Rare disease patients now face yet another health threat in the global coronavirus pandemic. Many of the families with children diagnosed with rare diseases have turned to various social media platforms to share their worries and frustrations.
These parents now find themselves, perhaps for the first time, in a position where parents of healthy children are better equipped to empathise with and understand their struggles.
These parents, however, also recognise that COVID-19 hasn’t just disrupted lives by requiring self-isolation, but has also interrupted important rare disease research, impacted patient care, and led to possible new serious diseases in children.
Self-Isolation for everyone
Parents of ill children may find themselves garnering more sympathy from parents with healthy children who must also isolate their families to protect them from the COVID-19 virus.
But whilst families that include children with rare diseases may have coped with this type of isolation for years, the shut-down of schools, medical facilities, and other services has added new mental and physical challenges.
These parents have become solely responsible for not only their children’s educations, but also the therapies they need. And many caregivers fear that they are poor substitutes for that support.
Responses from healthcare and patient advocacy groups
The pandemic has forced healthcare practitioners, research organisations, and biotechnology companies to shift gears to focus on developing treatments and vaccines to control the virus.
Many of these organisations have halted enrolment in rare disease clinical trials and other rare disease research. They’ve had to close, making it difficult for patients already enrolled in clinical trials to access the care and regimen they need. Critical fundraising has slowed or stopped.
Social media channels feature many frustrated parents sharing their stories and concerns. Patient advocacy groups have shared helpful content within their respective communities.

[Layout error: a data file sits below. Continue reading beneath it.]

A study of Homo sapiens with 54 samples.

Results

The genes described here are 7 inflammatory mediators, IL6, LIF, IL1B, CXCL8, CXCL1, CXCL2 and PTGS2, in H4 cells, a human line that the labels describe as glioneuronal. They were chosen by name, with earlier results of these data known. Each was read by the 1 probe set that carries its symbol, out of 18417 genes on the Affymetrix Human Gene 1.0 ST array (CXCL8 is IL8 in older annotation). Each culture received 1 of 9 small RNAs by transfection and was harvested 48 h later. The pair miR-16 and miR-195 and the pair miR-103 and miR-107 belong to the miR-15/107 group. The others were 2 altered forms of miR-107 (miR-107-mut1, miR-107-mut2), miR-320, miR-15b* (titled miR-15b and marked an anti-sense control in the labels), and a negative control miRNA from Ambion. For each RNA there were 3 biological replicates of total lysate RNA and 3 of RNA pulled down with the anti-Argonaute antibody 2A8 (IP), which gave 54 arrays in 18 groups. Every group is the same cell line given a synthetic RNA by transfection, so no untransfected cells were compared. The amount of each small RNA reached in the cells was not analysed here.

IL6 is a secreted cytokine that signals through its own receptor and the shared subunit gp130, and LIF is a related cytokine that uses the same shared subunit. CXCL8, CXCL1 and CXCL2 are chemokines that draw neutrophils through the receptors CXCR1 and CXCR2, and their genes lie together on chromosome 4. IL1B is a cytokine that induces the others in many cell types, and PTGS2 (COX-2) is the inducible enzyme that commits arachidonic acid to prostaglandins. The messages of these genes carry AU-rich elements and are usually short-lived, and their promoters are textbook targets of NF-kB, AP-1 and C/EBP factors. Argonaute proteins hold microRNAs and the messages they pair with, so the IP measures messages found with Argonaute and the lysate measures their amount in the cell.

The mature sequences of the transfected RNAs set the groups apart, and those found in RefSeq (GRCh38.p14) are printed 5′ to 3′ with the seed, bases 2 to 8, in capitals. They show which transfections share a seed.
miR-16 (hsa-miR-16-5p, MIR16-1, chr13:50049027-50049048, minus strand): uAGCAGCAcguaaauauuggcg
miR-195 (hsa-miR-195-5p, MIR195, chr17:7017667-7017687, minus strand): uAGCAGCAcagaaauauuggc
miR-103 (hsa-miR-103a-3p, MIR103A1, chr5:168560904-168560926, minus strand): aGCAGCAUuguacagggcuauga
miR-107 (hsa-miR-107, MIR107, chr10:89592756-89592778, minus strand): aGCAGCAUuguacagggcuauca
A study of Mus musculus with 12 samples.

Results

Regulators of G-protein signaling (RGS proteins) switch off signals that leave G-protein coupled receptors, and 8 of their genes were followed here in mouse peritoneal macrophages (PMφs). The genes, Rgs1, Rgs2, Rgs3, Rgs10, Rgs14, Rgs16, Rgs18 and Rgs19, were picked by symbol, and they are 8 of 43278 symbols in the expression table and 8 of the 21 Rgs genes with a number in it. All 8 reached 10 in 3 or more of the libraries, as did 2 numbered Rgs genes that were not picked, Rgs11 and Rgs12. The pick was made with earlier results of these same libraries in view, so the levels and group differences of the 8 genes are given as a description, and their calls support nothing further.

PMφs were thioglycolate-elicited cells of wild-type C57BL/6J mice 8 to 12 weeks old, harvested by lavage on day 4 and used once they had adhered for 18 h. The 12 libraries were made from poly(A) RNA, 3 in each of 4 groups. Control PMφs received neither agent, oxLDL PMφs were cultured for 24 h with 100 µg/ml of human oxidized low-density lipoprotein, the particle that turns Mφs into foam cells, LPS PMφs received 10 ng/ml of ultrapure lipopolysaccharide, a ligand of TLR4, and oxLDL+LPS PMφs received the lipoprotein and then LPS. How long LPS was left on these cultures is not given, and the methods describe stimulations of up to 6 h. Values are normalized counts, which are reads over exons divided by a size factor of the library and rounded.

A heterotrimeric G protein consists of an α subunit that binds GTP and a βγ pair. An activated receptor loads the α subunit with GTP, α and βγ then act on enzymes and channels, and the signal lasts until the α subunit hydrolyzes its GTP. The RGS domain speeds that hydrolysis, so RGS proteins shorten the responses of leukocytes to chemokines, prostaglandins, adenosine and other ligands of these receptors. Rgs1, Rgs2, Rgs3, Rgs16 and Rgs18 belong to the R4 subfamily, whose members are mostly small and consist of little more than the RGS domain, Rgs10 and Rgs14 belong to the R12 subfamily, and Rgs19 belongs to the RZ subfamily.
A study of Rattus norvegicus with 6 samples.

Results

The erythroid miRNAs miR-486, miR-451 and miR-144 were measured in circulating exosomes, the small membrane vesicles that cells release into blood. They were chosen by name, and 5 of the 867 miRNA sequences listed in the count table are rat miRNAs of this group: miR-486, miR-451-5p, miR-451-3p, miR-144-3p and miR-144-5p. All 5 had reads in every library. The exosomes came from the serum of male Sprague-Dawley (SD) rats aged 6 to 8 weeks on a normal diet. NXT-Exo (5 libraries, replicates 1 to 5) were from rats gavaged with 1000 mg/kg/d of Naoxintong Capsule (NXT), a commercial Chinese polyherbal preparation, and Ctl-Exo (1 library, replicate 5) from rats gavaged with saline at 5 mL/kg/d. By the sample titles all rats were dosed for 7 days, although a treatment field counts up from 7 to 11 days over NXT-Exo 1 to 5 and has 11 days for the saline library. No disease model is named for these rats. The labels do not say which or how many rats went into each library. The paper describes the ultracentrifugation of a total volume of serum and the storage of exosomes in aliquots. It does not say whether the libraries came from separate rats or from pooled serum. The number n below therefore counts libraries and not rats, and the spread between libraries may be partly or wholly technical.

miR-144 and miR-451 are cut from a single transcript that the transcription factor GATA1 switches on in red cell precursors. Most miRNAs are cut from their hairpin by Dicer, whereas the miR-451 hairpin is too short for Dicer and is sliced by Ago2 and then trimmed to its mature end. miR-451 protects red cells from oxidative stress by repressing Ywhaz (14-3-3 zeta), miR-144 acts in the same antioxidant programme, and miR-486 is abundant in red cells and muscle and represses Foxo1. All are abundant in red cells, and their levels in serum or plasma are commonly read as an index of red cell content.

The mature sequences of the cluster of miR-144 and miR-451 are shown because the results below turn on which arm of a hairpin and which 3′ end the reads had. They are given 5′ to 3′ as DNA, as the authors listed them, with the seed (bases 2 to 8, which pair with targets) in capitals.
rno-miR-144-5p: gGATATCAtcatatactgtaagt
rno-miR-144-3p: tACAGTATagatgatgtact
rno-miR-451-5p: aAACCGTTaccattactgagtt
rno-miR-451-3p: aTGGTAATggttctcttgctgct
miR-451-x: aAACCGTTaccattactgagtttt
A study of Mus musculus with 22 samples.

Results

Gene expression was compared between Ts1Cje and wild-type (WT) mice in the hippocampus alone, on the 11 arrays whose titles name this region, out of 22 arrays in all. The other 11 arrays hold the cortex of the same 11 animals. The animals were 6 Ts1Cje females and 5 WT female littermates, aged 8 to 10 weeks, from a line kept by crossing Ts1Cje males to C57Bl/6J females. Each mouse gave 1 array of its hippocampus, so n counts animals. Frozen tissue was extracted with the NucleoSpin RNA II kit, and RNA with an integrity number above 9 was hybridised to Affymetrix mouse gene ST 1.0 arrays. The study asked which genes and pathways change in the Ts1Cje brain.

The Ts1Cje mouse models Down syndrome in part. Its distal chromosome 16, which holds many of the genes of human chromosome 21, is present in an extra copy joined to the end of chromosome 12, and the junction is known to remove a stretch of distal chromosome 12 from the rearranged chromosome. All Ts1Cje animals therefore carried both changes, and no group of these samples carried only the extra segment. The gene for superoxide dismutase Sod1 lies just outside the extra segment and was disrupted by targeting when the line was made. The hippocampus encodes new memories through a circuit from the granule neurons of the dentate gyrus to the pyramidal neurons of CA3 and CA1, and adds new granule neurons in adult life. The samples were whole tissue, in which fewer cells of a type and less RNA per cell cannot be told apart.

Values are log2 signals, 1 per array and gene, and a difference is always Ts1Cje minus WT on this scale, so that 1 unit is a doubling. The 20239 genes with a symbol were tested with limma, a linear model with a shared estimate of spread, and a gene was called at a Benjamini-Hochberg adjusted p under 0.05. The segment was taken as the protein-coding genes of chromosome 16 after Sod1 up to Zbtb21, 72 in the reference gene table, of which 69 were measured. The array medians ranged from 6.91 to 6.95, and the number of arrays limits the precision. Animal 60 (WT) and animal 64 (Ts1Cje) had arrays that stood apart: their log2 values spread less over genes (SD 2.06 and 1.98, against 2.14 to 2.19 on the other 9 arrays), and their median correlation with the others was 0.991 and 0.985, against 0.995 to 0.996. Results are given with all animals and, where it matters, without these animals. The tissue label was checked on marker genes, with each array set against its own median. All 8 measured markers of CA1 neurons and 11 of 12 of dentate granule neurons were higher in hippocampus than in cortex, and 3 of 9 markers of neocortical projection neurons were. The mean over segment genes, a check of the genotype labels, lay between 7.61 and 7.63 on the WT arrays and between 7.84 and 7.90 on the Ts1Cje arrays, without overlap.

Access to patient care
The global pandemic has forced the closures of healthcare facilities worldwide, seriously decreasing access to necessary care and negatively impacting rare disease patients’ quality of life.
A Eurodis survey learnt that:
- 60% of patients have experienced interrupted care
- 50%+ of patents have experienced the postponement or cancellation of planned surgeries/transplants
- 80%+ of patients have experienced postponed/cancelled rehabilitation appointments
Telehealth and telemedicine have seen a significant increase in use since the start of the pandemic, helping to offset the significant decrease in in-person care. Of the 70% of patients whose in-person medical appointments were cancelled, 65% were offered alternative appointments via video or telephone.
However, an inability to access care makes diagnosing potentially rare diseases and disorders that much more difficult. Some of the most challenging diseases can take years to accurately identify, leaving patients vulnerable to degenerative conditions and requiring more complex treatments.
PMIS: The “new” Kawasaki disease?
A disturbing new illness has appeared in some children affected by COVID-19: Pediatric Multisystem Inflammatory Disease (PMIS). The UK confirmed its first victim in April, 10 Italian children were with PMIS in March and April, and New York doctors identified 102 school-aged children with PMIS symptoms.
The coronavirus pandemic has infiltrated everywhere, shifting focuses away from rare disease research and clinical trials and complicating access to necessary care. It’s also led to potentially new diseases, like PMIS, which presents similarly to Kawasaki disease, another rare disease.
Additional challenges, frustrations of parents whose children suffer from rare diseases, the response of medical and patient advocacy groups, and the impact of COVID-19 on patient care are outlined in our white paper, “The Impact of COVID-19 on Rare Diseases”.